I have to be honest, when I first saw Armillo in development some time ago I wasn’t very impressed with the game.  A few months prior to release I played a PC build of the game and I was convinced that Fuzzy Wuzzy Games had something good.  Now that I have had some time with the Wii U version of the game, I am very surprised with the quality of Armillo.  This puzzle platformer is an absolute blast to play and almost every element of the game is designed very well.

During this review of Armillo I will not talk much about story because it is easy to spoil what happens in Armillo by talking to much about it.  Basically the player gets an idea for the entire game’s story within the first set of levels.  Armillo is trying to save his brother and other critters from the evil Darkbots.  That is it, I will say no more.  I know a little underwhelming but I guarantee you that there is much more to the story then that and you’ll have to play it to get any more.  I was impressed that an indie game had such a deep story.  Some indie games focus on gameplay so much that there isn’t even a story at all.  So I was pleasantly surprised to have such a well thought out story in Armillo.

One of the only aspects of Armillo that was not overly impressive to me where some of the menu graphics like those found in the ‘Critter Corner’ and the character’s dialogue boxes. I felt like these didn’t stand up to the same quality as the rest of the Armillo’s graphics.  Other than that, the levels look fantastic and you will be hard pressed to find any two levels that look the same.  Each level has it’s own design touches and gameplay mechanics.  There is not very many variations on enemies found in the levels but the variety of enemy character is broad enough to keep things interesting.  Occasionally a new obstacle will pop up every now and then but for the most part enemy encounters are the same throughout.  Boss battles are changed up throughout the game though so don’t think you’ll get off that easy.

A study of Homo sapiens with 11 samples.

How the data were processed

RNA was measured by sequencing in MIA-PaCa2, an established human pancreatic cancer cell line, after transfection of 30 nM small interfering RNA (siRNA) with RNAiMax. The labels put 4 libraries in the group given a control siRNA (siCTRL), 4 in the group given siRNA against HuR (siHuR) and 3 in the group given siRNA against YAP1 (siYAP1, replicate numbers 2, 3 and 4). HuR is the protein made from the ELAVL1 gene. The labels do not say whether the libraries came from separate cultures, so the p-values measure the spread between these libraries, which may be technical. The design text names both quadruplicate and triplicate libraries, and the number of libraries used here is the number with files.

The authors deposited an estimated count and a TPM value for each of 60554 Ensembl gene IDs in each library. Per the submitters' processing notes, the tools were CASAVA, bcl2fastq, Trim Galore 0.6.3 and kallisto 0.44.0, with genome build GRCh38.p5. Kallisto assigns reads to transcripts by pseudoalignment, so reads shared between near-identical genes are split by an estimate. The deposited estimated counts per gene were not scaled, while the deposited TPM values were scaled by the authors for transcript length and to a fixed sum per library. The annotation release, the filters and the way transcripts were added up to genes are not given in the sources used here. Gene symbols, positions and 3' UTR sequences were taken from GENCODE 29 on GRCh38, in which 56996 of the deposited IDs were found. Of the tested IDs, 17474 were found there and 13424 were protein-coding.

The audio in the game is quite incredible too.  The sound design in Armillo is great and whether players are rolling around the levels or bouncing off of an obstacle, there are very few moments when players will not have any audio queues of some sort.  There are also unique musical tracks for all the levels and are styled to match the level’s design.  Another impressive feat for a small indie developer’s first game.  The varied music between levels also kept the game from getting to boring or monotonous.

Keeping Armillo interesting was likely quite a challenge for Fuzzy Wuzzy Games, as there is quite a bit to unlock and explore within the game.  Not only are the normal 3D levels fun to explore and may sometimes require more than one go to collect everything or reach gold status,  there are also secret 2D platforming levels to discover.  These 2D platforming levels are only unlocked by finding them within each normal level of the game.  Additionally, players will need to complete at least one of these secret levels to advance onto the next set of levels in the game.  Many will find that some secret levels are a lot harder to find than others and players will likely spend some time replaying prior levels if they want to unlock all of them.  Fortunately, I have never found myself having to back track to find a secret level so that I can advance in the game, but some players may run into this issue.

When all is said and done, I am very glad to have played Armillo on the Wii U.  It is a very well made 3D puzzle platformer created by such a small indie developer.  I would encourage anyone looking for a good adventure game to give Armillo a go.  There is enough content in the game to keep players entertained for hours and then some, especially to unlock all the content in Armillo.  Most players will likely have to play Armillo more than once through to see everything the game has to offer.  It is definitely worth the money not only for the content but the quality of the game as well.